SALES of homes on a new estate in Huntingdon have ground to a halt because the St Neots-based developer has failed to put up street lighting or do landscaping work. Planners are adamant that the work at The Spinney, in Hinchingbrooke Park, which was a pla
SALES of homes on a new estate in Huntingdon have ground to a halt because the St Neots-based developer has failed to put up street lighting or do landscaping work.
Planners are adamant that the work at The Spinney, in Hinchingbrooke Park, which was a planning condition triggered by the sale of a given number of homes, must go ahead to protect potential buyers.
But the developer claimed an indemnity offered to buyers should solve the problem.
One prospective buyer, Hunts Post reader Catherine Killworth, and her partner Ben Norman have been sleeping on friends' and relations' floors for months because of the delay.
Many of the homes on the site are 'affordable', including property bought on a shared equity basis, where buyers have part of the property on a mortgage and pay rent on the rest until they can afford a full mortgage.
"We have been waiting for an equity share property since January and now, seven, months later, we are being told that, because of breaches in planning permission, we will not be able to get the mortgage and move in. The contract exchange deadline said six weeks, not seven months," Catherine said.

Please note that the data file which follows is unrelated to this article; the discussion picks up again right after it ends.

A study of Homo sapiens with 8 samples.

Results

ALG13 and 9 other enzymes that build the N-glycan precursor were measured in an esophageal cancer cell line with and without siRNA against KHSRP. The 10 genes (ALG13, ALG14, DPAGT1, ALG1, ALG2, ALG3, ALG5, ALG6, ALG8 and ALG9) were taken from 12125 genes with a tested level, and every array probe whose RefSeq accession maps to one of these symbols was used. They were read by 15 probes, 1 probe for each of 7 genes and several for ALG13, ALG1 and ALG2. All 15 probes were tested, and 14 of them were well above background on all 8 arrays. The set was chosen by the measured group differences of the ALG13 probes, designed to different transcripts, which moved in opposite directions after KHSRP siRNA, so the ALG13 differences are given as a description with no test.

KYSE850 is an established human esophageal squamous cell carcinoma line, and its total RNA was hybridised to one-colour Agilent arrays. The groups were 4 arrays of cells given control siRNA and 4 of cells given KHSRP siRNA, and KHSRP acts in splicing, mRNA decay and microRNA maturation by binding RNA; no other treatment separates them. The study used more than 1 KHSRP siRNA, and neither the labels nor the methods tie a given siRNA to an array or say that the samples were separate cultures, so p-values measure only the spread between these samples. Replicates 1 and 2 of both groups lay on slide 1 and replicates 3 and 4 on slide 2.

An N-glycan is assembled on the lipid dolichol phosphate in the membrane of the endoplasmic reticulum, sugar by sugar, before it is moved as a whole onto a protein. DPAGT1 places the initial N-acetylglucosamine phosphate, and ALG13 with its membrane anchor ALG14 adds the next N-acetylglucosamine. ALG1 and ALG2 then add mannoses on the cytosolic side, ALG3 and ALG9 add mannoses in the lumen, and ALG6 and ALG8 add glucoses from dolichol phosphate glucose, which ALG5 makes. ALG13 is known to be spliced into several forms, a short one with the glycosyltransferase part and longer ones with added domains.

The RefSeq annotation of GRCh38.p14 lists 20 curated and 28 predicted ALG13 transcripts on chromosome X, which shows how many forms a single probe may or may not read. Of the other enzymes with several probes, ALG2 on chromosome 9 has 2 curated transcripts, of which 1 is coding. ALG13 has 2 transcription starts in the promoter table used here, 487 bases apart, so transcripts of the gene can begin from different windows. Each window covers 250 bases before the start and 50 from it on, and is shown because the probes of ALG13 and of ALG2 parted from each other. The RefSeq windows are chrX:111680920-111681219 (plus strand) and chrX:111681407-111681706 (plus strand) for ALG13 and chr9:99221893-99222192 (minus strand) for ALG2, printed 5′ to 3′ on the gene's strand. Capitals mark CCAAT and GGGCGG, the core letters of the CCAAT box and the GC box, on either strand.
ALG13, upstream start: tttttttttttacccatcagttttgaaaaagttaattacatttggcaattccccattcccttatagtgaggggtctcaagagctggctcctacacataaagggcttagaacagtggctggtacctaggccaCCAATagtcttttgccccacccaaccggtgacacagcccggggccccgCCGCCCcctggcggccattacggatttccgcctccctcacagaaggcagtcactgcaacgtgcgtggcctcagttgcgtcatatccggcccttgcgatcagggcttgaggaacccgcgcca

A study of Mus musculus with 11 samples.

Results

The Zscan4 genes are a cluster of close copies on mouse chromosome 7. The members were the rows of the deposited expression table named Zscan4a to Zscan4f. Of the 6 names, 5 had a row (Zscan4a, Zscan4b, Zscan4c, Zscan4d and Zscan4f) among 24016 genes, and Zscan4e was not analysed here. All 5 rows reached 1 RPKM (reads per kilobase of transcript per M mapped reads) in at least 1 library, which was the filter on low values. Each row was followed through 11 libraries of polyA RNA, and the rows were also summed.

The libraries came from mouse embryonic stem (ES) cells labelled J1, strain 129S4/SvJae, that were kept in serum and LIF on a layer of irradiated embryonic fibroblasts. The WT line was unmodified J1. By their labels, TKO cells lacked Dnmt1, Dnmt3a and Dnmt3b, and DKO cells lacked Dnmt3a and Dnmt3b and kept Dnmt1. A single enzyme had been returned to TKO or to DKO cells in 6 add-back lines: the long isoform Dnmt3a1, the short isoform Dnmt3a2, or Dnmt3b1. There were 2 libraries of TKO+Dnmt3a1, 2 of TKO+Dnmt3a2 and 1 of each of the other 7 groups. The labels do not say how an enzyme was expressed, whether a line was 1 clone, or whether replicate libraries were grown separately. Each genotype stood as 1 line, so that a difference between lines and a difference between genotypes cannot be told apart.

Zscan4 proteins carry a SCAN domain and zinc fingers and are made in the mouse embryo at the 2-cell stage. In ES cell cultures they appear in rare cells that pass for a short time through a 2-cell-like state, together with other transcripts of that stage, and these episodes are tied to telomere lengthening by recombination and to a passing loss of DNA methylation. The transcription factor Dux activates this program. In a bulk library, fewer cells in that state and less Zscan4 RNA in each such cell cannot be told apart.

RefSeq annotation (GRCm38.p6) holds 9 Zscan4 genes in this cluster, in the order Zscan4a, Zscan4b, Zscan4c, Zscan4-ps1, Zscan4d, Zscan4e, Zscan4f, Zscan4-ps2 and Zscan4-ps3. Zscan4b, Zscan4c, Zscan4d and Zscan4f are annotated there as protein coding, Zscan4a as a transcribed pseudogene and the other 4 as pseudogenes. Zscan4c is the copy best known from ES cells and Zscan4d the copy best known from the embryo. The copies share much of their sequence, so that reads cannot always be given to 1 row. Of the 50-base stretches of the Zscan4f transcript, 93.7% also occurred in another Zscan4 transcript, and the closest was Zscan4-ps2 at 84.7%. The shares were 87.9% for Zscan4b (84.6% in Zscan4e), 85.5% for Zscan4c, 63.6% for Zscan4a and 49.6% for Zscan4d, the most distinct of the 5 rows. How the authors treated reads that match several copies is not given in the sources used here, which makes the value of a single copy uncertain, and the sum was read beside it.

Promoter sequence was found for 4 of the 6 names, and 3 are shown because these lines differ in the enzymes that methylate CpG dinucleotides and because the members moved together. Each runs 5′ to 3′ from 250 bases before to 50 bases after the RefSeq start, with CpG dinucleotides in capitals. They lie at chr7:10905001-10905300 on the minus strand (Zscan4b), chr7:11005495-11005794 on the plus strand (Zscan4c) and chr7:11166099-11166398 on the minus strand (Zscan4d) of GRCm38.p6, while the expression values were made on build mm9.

The couple could not rent temporarily for fear of ending up having to pay rent on a second property at the same time as the mortgage at The Spinney if the system had been unblocked by the developer, Keir-owned Twigden doing the landscaping and lighting work.
Huntingdonshire District Council's head of planning services Steve Ingram ack-nowledged that purchases would be delayed, but said the system protected buyers from un-expected bills that should be met by the developers.
"When a search is made, we flag it up and the buyer's solicitor will pick it up because, if people buy, the responsibility transfers to the new owners," he said. "If the developers can't sell, it hits them in the wallet. It works quite well."
HDC had past problems - before his time with the council, he stressed - when such conditions had not been complied with and developers had walked away leaving sites uncompleted with no financial incentive to finish them.
But Twigden said that it would carry out the work once approval of the schemes submitted to the council had been given.
"We have given an indemnity - in writing on July 12 - to the housing association purchasers' solicitors, which provides cover for the risk highlighted by them," a company spokesman said. "On this basis, there is no reason why a mortgagor would not offer a mortgage."
Planners said that, if the developers had complied with the conditions attached to the original planning consent, the problem would not have arisen. The indemnity changed nothing.